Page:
The federal EPA Region II began taking samples of air and dust a few days after the terrorist attacks occurred. It also gathered data on drinking water, river water and sediments. So did the state Department of Environmental Conservation.

A challenge for local officials was interpreting environmental monitoring data from the various agencies—as different agencies were coming up with different levels and measuring for different contaminants. According to the Region, it “used established standards where they were available and modified guidelines” to produce benchmarks. For example, it used PELs (Permissable Exposure Limits) for lead, certain volatile organic compounds (VOCs), and asbestos. Otherwise it put together ad hoc benchmarks, for substances like dioxin and PCBs.

Air monitor near a debris pile.
Photo: EPA (air monitor)

EPA was available to the city for the health data it needed, but its samples were supplemented by samples taken by other agencies. Among the many agencies with responsibility for protecting health, safety and the environment there was the city Department of Health, the state and various federal agencies, including FEMA, as well as EPA. But their sampling methodology and evaluation criteria were different.

Various agencies were sampling for different toxicants, and, to make matters more complicated, there were different toxicological criteria among different agencies. For some compounds, there were no standards at all. There had never been an air quality standard for asbestos, for example, since it is normally regarded as an indoor air pollutant. And there were different standards for asbestos under various agencies. OSHA had one standard; EPA had a more protective standard. But neither of these was health-based.

 

“Since the first day of the World Trade Center disaster, the rapid and continued coordination among federal, state and local environmental, occupational and health agencies around such monitoring and risk communication has probably been unprecedented,” Jessica Leighton, the city DOH’s assistant commissioner for environmental risk assessment testified in a State assembly hearing held in late November.


Contaminants were not uniformly dispersed—so that one could find high levels of certain pollutants in one area and not in another.

 

But risk assessment was one of the biggest challenges for the various agencies because it was so difficult to accurately pinpoint the hazards in this instance. Several factors made it particularly difficult. The first was that equipment to monitor the air was not in place on September 11th.    That testing done in November and December may not have accurately portrayed the kinds of contaminants people were exposed to.

The Agency for Toxic Substances Disease Registry (ATSDR) of the Department of Health and Human Services (HHS), and the New York City Department of Health and Mental Hygiene, together collected air and dust samples from 30 residential buildings in November and December 2001 in lower Manhattan in an effort to gauge whether there were levels of contaminants in the dust to constitute a major hazard. But the agencies had to acknowledge that their conclusions might have been skewed because the dust they tested was already several months old.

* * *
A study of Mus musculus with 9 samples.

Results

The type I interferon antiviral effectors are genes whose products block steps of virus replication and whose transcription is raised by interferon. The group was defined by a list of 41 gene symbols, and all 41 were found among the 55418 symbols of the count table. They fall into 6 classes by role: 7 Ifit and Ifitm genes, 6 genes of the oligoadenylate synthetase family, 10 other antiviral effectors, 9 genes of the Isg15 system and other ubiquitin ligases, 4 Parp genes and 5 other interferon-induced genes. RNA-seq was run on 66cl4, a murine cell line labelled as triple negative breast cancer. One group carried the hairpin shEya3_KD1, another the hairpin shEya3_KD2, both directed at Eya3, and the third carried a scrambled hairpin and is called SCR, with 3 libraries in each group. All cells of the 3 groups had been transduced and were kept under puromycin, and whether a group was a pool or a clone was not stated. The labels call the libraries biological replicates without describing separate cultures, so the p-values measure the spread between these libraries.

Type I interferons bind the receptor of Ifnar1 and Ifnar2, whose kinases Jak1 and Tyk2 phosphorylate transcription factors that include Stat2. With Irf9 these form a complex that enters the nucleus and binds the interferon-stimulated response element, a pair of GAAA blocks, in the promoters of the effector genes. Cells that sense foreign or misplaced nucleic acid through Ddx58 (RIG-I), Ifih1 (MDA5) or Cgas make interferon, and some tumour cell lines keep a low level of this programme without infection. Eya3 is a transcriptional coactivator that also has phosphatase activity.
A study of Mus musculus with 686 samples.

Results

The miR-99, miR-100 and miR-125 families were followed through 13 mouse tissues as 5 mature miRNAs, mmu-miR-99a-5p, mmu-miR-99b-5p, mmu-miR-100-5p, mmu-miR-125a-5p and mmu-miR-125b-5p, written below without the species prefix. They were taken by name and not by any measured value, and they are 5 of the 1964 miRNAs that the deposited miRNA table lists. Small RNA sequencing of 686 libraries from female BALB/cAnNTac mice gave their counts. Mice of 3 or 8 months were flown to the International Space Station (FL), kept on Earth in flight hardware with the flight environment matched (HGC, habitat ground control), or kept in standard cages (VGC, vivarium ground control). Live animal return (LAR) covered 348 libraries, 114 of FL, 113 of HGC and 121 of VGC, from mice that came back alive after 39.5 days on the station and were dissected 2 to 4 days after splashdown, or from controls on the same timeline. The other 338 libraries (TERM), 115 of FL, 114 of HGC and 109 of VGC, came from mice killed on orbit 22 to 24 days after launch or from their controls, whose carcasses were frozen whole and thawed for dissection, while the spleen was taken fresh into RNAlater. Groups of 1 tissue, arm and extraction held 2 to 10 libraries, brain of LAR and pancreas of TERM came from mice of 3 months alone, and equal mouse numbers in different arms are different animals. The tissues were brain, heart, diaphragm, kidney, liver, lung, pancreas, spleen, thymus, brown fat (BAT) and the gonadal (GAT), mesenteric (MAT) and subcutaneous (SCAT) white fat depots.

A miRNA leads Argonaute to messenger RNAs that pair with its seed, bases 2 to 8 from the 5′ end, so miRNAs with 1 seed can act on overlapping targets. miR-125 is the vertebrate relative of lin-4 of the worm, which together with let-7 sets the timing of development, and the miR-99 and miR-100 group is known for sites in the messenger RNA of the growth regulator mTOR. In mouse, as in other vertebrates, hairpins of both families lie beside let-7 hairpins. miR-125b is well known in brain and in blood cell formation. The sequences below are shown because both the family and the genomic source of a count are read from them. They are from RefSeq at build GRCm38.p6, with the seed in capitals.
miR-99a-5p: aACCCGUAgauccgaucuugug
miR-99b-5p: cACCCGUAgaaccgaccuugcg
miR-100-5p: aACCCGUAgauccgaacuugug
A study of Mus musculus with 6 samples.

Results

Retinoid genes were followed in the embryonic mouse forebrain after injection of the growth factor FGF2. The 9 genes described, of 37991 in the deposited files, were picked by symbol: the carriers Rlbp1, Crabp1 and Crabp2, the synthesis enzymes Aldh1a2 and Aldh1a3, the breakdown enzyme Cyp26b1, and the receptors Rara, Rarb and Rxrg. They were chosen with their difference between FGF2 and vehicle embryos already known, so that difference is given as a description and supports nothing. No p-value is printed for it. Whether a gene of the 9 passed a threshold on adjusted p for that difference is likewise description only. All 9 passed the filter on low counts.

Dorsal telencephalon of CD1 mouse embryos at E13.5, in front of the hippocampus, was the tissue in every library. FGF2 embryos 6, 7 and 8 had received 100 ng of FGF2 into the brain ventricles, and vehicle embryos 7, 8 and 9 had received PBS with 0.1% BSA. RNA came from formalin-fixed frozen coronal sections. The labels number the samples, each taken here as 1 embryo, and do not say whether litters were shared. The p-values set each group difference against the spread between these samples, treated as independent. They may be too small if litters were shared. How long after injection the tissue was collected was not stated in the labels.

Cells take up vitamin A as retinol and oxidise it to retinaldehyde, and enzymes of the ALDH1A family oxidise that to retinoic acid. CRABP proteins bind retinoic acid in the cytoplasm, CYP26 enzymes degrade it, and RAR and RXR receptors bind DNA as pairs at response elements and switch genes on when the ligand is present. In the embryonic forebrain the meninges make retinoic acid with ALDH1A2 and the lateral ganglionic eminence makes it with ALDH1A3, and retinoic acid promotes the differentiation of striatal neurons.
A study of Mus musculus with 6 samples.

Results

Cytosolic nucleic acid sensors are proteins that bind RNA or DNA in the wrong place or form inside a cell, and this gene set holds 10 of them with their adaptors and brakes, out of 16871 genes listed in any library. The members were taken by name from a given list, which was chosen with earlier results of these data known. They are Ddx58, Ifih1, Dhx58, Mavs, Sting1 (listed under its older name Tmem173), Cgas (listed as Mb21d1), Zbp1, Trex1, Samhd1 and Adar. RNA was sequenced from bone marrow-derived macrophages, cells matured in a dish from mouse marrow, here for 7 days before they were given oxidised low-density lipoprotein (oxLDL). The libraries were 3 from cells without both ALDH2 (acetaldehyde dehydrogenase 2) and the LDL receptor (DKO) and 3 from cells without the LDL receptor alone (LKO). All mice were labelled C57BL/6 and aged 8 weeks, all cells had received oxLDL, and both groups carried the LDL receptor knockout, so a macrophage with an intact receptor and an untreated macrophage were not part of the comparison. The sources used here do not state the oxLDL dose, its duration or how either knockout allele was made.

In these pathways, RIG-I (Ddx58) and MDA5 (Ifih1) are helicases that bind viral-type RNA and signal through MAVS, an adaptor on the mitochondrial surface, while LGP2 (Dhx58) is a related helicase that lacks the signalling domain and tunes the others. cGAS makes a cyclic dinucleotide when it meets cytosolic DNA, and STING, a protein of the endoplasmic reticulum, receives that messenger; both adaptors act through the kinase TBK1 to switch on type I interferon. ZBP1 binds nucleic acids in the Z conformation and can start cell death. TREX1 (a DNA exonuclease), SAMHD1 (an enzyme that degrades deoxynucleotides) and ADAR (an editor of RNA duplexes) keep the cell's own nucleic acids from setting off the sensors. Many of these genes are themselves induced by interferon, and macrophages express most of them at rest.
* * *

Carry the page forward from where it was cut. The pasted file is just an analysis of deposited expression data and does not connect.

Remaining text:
“By November, outdoor dust contamination was likely reduced by wind, rain, and cleaning (city workers vacuumed the streets and sidewalks with HEPA trucks). Indoor settled surface dust may have been reduced if areas were cleaned before being sampled. Therefore, these results probably underestimate the levels of World Trade Center-related materials that were in lower Manhattan immediately after September 11,” they wrote.

 Setting up air monitors in New Jersey.
Photo: EPA (air monitors)

Plus, the contaminants were not uniformly dispersed—so that one could find high levels of certain pollutants in one area and not in another. They were heterogeneous, random mixtures of everything in the buildings—plastics from furniture, mercury from lightbulbs, including exotic metals like vanadium from computer parts.

The ATSDR wrote, for example, “A review of the building sampling results from this investigation indicates that there is not a consistent spatial distribution pattern of asbestos, SVF, mineral components of concrete, and mineral components of wallboard in air and settled surface dust. This indicates that the materials are heterogeneously distributed.”

 

A key problem was that the teams of people and the tools for environmental monitoring were not in place to respond to an event like that which happened. Shockingly, even though the high particulate count from the building collapses was higher than New York City had ever experienced in its history, the tragic event violated no pollution standards for particulate matter. 

 

That’s because the air quality regulations were set up to measure particulate matter loadings over 24 hour periods, rather than intense, short term bursts. Yet such a high-particulate storm, even lasting several hours, “can produce significant adverse health impacts,” wrote Eric Goldstein et. al. in the NRDC’s paper, “The Environmental Impacts of the World Trade Center Attacks.” Plus, these authors note, the same air standards did not adequately account for other health concerns arising from very fine particulate matter arising from the fires.

 

 “We in the environmental health community are used to high probability events with low probability risks,” says Paul Lioy, “the effects of ubiquitous, low level toxic substances, their probability of giving people cancer over a 70 year lifetime. We were not equipped to deal with a low probability event with high probability consequences.”